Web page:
New book on the first U.S. Olympic team features Princeton athletes


 
The book: Four of the 14 members of the first U.S. Olympic team were Princeton students: Robert Garrett 1897 won the discus and shot put, was runner-up in the long jump and third in the high jump; Albert Tyler 1897 was runner-up in the pole vault; Herbert Jamison 1897 was runner-up in the 400 meters; and Francis Lane 1897 competed in the 100 meters. William Sloane, a Princeton classics professor, was influential in establishing the team. Igniting the Flame tells the story of the Princetonians’ role in the inaugural modern Games in 1896. Another Princeton connection: Keith Wallman ’00, an editor at Lyons Press, acquired and edited this book.
 
From the book: “Equally remarkable was that the man most responsible for putting the team together — one William Mulligan Sloane — was noted more for scholarship than for athletics. And yet Sloane, the eminent Princeton University historian, had been a tour de force in building the U.S. team. As the American representative of an international committee appointed by the French nobleman Baron Pierre de Coubertin to revive the ancient Greek games, Sloane had worked for two years to assemble a U.S. Olympic team. Overlooked and belittled by U.S. amateur sports officials who showed no interest in the Olympics, Sloane had soldiered on, determined to find a way to get his small band of athletes to Athens.”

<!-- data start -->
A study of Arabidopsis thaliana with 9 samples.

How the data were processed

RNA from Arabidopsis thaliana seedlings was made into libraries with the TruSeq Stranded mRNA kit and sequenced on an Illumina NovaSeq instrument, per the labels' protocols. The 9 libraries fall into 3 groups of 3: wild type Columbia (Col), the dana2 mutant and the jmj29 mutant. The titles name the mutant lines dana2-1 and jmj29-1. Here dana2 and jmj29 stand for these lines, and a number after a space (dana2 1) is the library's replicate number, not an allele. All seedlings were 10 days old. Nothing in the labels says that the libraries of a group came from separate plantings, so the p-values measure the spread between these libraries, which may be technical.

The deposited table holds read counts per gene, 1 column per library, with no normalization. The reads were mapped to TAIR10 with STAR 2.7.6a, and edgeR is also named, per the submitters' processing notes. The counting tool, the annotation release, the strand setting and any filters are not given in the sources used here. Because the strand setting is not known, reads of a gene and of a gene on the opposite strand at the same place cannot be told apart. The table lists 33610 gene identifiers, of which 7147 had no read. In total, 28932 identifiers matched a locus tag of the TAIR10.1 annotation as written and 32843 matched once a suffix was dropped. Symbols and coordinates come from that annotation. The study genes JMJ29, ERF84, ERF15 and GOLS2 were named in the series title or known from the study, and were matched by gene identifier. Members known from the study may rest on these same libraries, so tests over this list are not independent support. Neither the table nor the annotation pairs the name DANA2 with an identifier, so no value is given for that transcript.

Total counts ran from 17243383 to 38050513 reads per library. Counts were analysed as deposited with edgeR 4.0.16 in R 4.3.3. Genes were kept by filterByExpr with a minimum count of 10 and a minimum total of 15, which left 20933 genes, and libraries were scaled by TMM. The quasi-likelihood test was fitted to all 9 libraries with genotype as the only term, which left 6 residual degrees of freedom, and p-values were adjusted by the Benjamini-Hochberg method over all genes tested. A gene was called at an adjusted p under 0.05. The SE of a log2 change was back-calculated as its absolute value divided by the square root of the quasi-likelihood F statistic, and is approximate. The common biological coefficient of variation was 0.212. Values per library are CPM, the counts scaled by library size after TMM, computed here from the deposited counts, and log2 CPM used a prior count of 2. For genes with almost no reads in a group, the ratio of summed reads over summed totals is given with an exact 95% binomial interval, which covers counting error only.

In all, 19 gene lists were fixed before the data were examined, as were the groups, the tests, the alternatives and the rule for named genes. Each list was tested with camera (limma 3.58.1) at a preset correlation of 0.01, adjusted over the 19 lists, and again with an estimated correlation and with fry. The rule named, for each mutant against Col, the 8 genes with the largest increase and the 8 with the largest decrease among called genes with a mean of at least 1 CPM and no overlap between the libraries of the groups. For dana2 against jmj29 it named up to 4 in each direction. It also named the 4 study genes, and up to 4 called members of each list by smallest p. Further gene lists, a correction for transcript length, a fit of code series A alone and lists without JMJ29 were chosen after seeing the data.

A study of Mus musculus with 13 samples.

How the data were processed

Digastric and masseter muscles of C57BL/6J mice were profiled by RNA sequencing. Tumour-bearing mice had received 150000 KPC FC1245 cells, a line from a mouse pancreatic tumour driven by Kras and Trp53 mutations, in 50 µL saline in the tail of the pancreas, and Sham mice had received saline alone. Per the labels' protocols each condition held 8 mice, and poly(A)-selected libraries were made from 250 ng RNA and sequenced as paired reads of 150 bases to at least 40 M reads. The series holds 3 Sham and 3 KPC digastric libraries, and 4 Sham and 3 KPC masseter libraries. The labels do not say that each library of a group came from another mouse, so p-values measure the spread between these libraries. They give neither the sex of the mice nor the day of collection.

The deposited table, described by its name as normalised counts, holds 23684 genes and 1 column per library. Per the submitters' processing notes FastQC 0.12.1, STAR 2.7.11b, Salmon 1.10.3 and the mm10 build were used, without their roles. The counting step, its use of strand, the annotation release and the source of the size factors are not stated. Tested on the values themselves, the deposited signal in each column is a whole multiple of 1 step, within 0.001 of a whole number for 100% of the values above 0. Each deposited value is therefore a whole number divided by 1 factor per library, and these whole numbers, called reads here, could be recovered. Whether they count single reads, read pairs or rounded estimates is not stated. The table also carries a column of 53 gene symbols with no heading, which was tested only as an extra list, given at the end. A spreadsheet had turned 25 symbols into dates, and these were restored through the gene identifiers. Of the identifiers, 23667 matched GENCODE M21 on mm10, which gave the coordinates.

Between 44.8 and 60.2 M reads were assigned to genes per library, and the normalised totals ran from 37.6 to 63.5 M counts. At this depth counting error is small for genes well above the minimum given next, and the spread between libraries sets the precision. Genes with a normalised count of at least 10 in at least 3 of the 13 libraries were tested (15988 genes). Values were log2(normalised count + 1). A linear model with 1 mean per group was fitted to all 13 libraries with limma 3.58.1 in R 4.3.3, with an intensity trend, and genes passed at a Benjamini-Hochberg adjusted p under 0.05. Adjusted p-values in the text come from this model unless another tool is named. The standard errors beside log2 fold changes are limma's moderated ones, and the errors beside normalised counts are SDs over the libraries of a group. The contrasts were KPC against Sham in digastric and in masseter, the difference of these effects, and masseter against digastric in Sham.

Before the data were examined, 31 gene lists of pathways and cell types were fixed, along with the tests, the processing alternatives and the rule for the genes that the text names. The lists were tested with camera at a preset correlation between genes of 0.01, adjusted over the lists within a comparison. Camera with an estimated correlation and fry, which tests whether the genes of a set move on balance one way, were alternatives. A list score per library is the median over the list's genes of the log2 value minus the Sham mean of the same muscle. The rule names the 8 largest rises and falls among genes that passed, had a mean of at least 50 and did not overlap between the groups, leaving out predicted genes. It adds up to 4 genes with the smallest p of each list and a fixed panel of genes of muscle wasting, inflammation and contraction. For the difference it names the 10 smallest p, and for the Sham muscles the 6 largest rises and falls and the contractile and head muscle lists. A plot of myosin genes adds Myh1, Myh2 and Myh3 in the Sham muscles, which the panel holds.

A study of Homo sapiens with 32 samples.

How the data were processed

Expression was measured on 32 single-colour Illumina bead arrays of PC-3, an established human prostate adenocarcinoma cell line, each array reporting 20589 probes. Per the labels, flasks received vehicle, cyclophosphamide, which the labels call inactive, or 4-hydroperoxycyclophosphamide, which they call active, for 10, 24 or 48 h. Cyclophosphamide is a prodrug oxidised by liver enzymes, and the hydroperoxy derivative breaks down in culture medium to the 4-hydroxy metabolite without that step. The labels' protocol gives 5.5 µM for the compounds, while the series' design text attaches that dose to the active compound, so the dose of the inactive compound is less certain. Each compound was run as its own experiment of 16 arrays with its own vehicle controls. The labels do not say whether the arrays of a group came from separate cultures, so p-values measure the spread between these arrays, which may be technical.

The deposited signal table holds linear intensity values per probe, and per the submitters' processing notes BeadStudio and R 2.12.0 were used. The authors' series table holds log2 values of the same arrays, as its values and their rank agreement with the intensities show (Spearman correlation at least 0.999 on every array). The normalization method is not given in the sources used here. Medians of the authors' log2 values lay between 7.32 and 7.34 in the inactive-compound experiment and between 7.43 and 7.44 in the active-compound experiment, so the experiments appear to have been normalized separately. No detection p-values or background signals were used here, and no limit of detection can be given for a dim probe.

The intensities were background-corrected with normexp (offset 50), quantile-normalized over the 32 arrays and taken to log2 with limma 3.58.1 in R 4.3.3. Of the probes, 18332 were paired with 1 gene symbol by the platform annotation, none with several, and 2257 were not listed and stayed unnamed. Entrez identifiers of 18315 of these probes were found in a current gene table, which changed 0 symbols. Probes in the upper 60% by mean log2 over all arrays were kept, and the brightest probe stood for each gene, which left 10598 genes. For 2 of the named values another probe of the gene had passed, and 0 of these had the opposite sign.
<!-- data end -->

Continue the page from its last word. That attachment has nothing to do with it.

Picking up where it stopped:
Review: “Reisler weaves a handful of narrative threads: the story of the resurrection of the Olympic Games, and of the men who accomplished it; the primitive means of travel and lodging; the stories of the individual American athletes and accounts of the events; and some whatever-happened-to-those-guys follow-up,” wrote Kirkus Reviews. Reisler “skillfully records the cries and struggles attending a nearly miraculous rebirth.”